My love affair with the DODOcase is well documented. I've used one since day one, and I even credit one with saving my iPad's life (though the manufacturers note that the DODOcase is not an impact case). So, I was thrilled to be able to test a DODOcase for iPad 2 for the last week. As a bonus, I've also been using a BOOKback for iPad 2. Both are quite nice and will be especially appealing to those who appreciate good design. Here's my review.


The DODOcase has been re-designed to accommodate Apple's new tablet, but the high-quality build and materials are unchanged. The exterior is wrapped in that nice, Moleskine-esque material and closes with a similar elastic band. The grain is a bit different than that on the notebooks, but at first glance, that's what most people will assume you're carrying.

On the inside, the iPad rests inside a hand-carved bamboo frame. Four rubber bumpers hold the iPad 2 firmly in place. And I mean firmly. I had to press to get it in where it was held tight. It's a grip that inspires confidence; you know the typical bumps and nudges won't knock your iPad free.

The top and bottom of the frame are cut away to expose the controls, speaker and dock connector (yes, you can connect the cable while the DODOcase is in use).

Gallery: DODOcase for iPad 2 | 9 Photos


First, the bummer. Closing the DODOcase does not turn the screen off like Apple's Smart Cover does. Apparently the magnets in the Smart Cover are responsible for the refrigerator light routine, not the proximity of the lid. Too bad.

Other than that, I can't find much negative to say about the DODOcase. After a week of bumping around in my bag and car, it still looks great. Even my children's eager, greasy fingers couldn't detract from its functioning or good looks. With the lid closed and the strap in place, you're ready to go.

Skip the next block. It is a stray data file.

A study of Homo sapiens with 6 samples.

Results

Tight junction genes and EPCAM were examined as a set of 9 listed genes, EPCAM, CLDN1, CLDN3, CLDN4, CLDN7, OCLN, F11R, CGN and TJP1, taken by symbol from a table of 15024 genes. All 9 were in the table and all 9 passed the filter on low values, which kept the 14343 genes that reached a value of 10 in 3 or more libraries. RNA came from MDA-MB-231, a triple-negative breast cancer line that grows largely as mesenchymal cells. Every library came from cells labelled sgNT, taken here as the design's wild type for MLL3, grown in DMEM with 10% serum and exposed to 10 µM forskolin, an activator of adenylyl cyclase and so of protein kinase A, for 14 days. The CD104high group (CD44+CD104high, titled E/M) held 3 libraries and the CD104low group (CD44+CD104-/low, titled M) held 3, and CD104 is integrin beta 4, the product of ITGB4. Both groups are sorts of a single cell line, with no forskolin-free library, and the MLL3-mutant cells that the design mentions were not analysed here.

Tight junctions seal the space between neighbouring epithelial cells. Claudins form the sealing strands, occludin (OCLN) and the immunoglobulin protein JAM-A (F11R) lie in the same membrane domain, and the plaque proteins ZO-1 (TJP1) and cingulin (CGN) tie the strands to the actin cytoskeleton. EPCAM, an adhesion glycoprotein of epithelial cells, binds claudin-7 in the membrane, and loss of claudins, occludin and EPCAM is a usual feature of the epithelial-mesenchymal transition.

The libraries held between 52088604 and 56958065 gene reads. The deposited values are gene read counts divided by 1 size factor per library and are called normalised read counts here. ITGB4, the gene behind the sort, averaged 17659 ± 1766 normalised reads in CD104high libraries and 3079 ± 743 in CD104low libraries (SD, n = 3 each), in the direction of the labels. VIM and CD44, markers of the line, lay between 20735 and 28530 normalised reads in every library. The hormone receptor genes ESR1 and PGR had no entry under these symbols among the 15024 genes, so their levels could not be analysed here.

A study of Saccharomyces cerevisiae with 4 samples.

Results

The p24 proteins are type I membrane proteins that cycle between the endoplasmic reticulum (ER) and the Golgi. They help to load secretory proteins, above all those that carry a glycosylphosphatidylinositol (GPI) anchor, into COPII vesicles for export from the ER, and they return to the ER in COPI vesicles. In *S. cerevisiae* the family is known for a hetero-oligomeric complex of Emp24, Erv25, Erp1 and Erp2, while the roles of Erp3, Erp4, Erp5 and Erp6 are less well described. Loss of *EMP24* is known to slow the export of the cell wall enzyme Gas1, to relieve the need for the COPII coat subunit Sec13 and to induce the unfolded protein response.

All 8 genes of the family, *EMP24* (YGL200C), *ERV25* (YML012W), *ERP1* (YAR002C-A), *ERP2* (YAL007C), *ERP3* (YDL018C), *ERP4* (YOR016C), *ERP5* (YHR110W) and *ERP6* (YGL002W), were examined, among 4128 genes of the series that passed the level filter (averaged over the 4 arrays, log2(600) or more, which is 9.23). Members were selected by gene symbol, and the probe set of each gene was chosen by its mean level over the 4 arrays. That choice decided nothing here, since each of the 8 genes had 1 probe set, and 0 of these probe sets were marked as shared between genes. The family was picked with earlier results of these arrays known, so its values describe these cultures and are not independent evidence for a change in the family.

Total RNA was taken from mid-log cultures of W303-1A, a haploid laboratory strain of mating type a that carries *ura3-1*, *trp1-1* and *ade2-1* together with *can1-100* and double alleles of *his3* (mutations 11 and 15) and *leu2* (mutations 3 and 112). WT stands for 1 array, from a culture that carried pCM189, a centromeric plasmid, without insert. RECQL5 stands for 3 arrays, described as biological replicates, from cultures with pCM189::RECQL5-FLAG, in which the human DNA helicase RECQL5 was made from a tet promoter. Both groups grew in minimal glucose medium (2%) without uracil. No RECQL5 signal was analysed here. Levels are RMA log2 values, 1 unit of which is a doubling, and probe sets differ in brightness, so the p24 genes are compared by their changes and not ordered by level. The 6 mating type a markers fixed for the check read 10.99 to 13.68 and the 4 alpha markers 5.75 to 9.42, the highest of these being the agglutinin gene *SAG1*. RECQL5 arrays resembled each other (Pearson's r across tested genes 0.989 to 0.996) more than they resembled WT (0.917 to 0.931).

Another handy feature lets you fold the lid over backwards and prop the DODOcase up in the landscape orientation. Provided you aren't on a slick surface, that is. My IKEA desk is entirely too smooth for this procedure, and the case slides until it's flat on its back right away. A bed, couch, patch of grass or anything else offering a little more resistance works much better.


Yes, it's pricey at US$59.95. Cheaper cases are certainly available. But honestly, the build quality and materials justify the cost. Plus, it will just appeal to those who appreciate the look. I certainly do.


I also got to try out a BOOKback for iPad 2 ($19.95) this week (here's my review of the original). Unlike Apple's Smart Cover, which protects the front and not the back of the iPad 2, the BOOKback covers the back only. Frankly, that's the surface I'm more concerned with. In my experience, the glass can withstand abuse more readily than the back, which scratches right up.

The BOOKback for iPad 2 is made of material quite similar to the outer covering of the DODOcase. Basically it's a big sticker that adheres to the back of your iPad thanks to a re-usable, non-gummy adhesive. Application is quite easy. Just peel off the paper, line up one end and guide it down.

Unlike the BOOKback for the original iPad, the iPad 2 version doesn't cover the rear of the device entirely, because of its shape. You'll see that a "notch" has been cut out to make room for the speaker. Also, it doesn't slide over the taper. Instead, it ends where the surface ceases to be flat.

Frankly, I think the older version looked better, but that's a matter of aesthetics. It still feels fantastic to touch and offers reliable scratch protection. The BOOKback for iPad 2 is available with either red or black logo lettering.

In the end, I can recommend both of these products. They look great, feel great and offer reliable protection. If you're considering buying, I'd say do it.